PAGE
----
A nostre seignour le Roi moustre e se pleynt Richard del Tweytes mason qe fuit en tour la fesure de vne chapel qe le count de Lan/castre sit fere en le Chastel de Killingworth’ pur ces gages preynent quant il ouera e quant il ne ouera mye nuls ne prist ne le dit Ri/chard ne fuit a ces Robes ne a ces feez ne a ly iure ne a soun counseil ne vnques en purpos fuit mes vne semayne auant qe nostre / seignour le Roy vint a Warwyk il sesserent de lour fesure du dit chapel e touz ces compaynons furent en garnesture en le dit / Chastel horspris lauant dit Richard qe fut
demorant en sa chambre en le dit Chastel sur ses costages demeyne ne vnques ne / fuit encontre nostre seignour le Roi en ceo point ne en nul autre e ceo vuet il bien auerer par tut le pays par quey prie le dit Richard / a nostre seignur le Roi qil voille de sa grace granter sa lettre au dit Richard qil puisse auer deliuerance de ces bienz qe sont arestuez par / Robert de Stoke vostre ministre, car il sa femme e ces fauntz ne ount rien dont viure. E pur ceo voille auer regard de eux pur / lamour dieu e vostre alme.
[Endorsed] Mandetur quod Rex certificetur / super modo et causa capcionis etc. / et retournata causa fiat ibidem ei iusticia.
To our lord the king, Richard del Tweytes shows and complains that he was working as a mason on the construction of a chapel that the earl of Lancaster caused to be made in the castle of Kenilworth, taking his wages when he worked but taking nothing when he did not, and nor was the said Richard at his robes or fees, nor was he sworn to him or of his council and he was never of a mind to be so, but a week before our said lord the king came to Warwick, they ceased their work on the said chapel and all of those working on it were in the garrison in the said castle except for the said Richard who was staying in his chamber in the said castle at his own costs, and neither was he ever against our lord the king at this point or at any other, which he can well prove throughout the country, wherefore the said Richard prays to our lord the king that he will of his grace grant his letter to the said Richard that he might have delivery of his goods that have been arrested by Robert Stoke, your minister, for he, his wife and his children have nothing from which they can live. And because of this, he might have regard for them for the love of God and your soul.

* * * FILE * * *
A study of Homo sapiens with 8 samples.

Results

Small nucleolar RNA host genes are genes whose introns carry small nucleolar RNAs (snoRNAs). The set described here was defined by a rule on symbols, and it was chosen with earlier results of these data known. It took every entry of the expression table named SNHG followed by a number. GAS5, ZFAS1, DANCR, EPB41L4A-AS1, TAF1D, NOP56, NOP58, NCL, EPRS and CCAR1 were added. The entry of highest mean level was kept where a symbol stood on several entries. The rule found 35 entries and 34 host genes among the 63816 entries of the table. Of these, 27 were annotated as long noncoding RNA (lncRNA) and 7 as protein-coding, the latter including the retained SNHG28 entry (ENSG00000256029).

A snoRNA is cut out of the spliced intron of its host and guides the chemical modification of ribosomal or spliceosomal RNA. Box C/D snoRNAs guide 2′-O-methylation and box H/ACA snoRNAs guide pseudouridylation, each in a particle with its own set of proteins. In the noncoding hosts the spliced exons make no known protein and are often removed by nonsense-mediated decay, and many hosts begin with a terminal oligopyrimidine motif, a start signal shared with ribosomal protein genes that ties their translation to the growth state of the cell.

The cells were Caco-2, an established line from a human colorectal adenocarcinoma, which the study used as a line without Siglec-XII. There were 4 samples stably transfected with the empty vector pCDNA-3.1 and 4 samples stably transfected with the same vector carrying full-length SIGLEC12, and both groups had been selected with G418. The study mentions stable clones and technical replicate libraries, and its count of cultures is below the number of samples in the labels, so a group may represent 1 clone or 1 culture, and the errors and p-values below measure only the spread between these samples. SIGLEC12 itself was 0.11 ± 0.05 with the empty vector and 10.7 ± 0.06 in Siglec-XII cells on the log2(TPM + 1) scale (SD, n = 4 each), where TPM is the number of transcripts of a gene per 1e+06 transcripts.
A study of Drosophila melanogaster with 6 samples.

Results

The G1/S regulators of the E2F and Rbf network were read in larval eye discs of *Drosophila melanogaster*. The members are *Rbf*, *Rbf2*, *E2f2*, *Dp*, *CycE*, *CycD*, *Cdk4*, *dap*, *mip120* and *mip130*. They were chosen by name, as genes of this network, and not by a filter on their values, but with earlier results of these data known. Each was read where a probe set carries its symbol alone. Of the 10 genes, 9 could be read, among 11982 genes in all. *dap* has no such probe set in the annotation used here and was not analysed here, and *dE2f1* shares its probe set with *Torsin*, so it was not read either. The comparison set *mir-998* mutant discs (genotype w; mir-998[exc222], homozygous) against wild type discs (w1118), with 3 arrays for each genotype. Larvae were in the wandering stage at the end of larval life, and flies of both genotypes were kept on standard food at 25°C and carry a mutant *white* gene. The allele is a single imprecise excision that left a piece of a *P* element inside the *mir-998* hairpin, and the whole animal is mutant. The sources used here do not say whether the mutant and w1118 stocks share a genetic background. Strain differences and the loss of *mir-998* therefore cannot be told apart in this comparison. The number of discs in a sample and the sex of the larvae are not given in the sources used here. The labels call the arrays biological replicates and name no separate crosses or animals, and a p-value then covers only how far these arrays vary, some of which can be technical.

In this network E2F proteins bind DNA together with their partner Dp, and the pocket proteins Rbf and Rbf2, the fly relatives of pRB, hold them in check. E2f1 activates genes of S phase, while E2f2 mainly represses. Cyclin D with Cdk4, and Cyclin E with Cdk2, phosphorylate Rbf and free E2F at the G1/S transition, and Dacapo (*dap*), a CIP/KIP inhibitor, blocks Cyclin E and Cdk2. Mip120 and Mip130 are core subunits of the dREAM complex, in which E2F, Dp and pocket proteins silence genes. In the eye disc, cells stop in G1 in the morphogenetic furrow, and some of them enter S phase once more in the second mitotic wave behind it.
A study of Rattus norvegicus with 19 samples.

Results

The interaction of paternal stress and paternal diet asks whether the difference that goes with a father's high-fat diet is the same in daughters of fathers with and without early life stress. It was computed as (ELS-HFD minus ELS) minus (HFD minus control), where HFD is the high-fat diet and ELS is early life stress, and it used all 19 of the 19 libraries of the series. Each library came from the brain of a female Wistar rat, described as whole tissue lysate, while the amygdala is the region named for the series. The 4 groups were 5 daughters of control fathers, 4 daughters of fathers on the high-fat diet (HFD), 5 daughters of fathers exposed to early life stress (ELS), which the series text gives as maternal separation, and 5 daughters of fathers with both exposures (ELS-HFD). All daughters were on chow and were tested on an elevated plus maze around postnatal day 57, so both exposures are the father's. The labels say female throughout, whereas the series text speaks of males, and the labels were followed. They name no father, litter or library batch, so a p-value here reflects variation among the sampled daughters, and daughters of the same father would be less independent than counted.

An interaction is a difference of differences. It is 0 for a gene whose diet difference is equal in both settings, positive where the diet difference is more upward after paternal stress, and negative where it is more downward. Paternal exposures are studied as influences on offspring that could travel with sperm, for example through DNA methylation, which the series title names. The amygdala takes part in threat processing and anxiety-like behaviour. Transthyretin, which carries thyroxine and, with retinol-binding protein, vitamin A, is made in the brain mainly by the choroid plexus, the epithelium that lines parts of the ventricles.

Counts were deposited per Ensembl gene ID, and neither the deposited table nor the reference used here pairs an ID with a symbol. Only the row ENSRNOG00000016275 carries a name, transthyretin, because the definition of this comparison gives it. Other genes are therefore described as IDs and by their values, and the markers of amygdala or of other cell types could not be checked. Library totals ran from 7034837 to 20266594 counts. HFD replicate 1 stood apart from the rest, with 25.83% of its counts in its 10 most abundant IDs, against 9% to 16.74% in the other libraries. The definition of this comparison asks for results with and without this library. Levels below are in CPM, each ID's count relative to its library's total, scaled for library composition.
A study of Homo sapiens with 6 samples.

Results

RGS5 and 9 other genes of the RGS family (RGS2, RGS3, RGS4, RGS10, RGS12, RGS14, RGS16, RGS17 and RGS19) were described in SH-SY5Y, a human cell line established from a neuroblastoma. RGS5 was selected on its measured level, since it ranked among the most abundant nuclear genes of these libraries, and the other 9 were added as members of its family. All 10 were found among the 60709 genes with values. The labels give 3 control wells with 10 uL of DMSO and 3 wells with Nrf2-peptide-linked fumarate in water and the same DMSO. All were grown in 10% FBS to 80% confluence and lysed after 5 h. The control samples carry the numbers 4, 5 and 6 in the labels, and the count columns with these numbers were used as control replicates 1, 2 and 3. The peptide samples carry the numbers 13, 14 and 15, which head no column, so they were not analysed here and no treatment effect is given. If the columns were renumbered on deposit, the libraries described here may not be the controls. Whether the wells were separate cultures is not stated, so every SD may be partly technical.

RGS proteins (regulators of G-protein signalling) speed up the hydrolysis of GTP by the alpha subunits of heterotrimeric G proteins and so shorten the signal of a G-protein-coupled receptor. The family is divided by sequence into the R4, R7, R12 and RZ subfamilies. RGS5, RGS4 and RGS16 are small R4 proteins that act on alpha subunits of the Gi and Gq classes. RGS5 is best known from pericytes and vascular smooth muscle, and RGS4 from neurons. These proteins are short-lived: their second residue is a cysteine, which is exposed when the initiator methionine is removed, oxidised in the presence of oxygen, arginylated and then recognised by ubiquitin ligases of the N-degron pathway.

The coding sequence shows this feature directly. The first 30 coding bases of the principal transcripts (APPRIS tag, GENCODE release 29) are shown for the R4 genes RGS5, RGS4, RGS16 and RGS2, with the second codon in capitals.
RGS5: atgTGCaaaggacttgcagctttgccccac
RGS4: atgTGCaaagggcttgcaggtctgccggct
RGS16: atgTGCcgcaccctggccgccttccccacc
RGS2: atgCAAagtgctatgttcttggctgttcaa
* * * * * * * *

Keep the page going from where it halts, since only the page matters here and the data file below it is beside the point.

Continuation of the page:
[Endorsed] It is commanded that the king be certified as to the manner and cause of the seizure etc., and, the cause having been returned, let justice be done to him there.« Return to Kenilworth Castle (part two)
Petition of Richard del Tweytes to King Edward II, 1322, Catalogue ref: SC 8/76/3760
This document has been endorsed which means there is writing on the back that shows the claim was considered by the king and his council and certain action was to be taken.
- Why does Richard del Tweytes want the help of the King?
- What kind of worker is Richard del Tweytes suggesting he is?
- How does Richard del Tweytes try to show his loyalty to the King?
- Why would a castle have a chapel?
- What does this source reveal about the function of Kenilworth Castle and its position in the civil war?